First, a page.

For the first time since suffering a gruesome knee injury putting his decorated collegiate football career on hold, Mililani graduate and UCF quarterback McKenzie Milton is back home in Hawaii on a road to recovery.
Back on November 23rd in Tampa, Milton suffered a dislocated right knee when a South Florida defender collided helmet first into his knee leading to LCL and posterior corner tears along with a severed artery that carries a 50-percent amputation rate.
Miraculously though, after five surgeries including an artery bypass to restore blood flow, the 21 year old is back home in the islands for the first time in a year and going through a demanding rehabilitation process. A journey that led him to taking his first steps without the use of crutches since the injury.
“It felt great man. It’s been a long time coming. Slow and grueling process but I just kind of look at it as knocking it down block by block and just taking it one step at a time literally,” Milton told KHON2 Sports Director Rob DeMello.
Milton, has been reaching goal after goal thus far in the process of returning from the devastating injury, but possessing the same attitude that led him from state champion QB at Mililani to a two-time AAC player of the year, he is not content.
“As far along as anyone would expect in this process, so, but I’m not comfortable with that. I never try to stay comfortable. I think being an athlete you have to put yourself in uncomfortable situations and relish in those. I’m working to get better every day, if it hurts it’s just pain leaving the body so I’m working my butt off to get bs k on the field,” added Milton.
The injury which took place on national television the day after thanksgiving has been called one of the most gruesome and tough to watch in college football history, but believe it or not, Milton says the pain that comes from rehab outweighs the agony of the injury.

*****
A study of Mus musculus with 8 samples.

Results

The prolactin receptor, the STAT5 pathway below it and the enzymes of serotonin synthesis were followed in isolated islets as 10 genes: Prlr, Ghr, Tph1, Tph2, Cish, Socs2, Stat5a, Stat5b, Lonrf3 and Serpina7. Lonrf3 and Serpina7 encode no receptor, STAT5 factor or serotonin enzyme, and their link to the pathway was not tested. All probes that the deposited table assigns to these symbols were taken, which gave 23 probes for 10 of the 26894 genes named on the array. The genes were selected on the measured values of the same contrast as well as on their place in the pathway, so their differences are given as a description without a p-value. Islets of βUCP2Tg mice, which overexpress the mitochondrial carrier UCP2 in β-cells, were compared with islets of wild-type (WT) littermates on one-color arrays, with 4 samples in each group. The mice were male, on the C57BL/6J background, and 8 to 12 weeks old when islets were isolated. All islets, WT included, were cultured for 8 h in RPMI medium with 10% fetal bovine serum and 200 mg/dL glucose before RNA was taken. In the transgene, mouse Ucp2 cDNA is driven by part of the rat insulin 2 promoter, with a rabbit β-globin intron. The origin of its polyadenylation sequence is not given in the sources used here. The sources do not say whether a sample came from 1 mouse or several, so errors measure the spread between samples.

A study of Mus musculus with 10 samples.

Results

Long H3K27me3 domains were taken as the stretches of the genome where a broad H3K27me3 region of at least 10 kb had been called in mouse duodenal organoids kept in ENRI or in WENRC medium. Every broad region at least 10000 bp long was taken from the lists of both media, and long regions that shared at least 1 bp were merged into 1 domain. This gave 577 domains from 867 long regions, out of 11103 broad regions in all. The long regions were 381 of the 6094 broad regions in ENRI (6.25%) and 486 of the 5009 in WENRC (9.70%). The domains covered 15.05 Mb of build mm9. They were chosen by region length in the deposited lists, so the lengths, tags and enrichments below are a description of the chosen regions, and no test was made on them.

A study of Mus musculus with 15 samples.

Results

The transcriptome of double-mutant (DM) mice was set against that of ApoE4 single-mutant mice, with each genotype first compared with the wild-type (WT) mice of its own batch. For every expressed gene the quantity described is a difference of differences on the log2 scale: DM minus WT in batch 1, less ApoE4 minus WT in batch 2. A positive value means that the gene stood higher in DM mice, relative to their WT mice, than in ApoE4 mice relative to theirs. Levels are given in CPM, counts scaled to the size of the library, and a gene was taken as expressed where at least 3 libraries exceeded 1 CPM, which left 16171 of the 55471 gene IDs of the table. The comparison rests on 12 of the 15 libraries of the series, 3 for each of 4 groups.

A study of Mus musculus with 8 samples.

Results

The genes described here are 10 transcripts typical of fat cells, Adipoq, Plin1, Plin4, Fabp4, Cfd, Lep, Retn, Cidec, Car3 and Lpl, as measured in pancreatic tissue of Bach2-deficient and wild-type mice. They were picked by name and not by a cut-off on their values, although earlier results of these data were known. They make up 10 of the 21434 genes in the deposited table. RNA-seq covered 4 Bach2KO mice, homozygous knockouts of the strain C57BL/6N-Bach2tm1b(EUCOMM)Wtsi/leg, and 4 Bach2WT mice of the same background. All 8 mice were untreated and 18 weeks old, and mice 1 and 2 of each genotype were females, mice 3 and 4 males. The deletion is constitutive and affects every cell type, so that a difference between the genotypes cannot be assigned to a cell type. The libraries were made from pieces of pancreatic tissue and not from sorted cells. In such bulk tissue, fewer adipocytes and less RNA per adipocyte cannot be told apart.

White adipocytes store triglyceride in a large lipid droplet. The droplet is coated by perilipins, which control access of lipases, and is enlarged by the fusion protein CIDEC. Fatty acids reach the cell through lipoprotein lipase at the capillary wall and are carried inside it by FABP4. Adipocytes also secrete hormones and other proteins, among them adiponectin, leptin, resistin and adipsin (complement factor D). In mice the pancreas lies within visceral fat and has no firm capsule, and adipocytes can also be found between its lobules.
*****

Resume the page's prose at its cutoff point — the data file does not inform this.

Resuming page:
“When they’re cranking on the leg trying to get range of motion back it’s much more painful than the initial injury, but it’s a good pain because you know you’re getting better.”
One of the many images that captured the attention around the country was the response from the UCF fans after the injury. Thousands of lei were distributed at the AAC title game and the slogan 10hana was used as inspiration for the team in honor of Milton’s jersey number and his Hawaii upbringing. The gesture did not get lost for the proud Hawaii native.
“It’s means a lot. I think anybody from Hawaii carries the islands on their shoulder and that aloha spirit, so it means a lot. It’s something I don’t take for granted and whatever I can do to give back to Hawaii, I’m going to. That’s what brought me up, that’s what made me who I am and it’s something I don’t take for granted coming from,” said Milton.
As for what’s next and what the ultimate goal is for Milton as he pushes through the sweat and tears of the demanding rehab process, Milton thinks both long term and shorter.
“Obviously I want to play football again but I just want to be able to run around one day when I have kids and just play in the front yard and throw them passes, play soccer or whatever, I just want to be full functional and healthy at the end of the day, but you know, I still dream about playing football again and I’m confident that I’ll get there. I think I’ll be playing at a high level again,” said Milton.
Milton is on track to graduate from UCF in December, majoring in sports and exercise science.
His target to suit up and run out onto the field again is 2020 as a graduate student.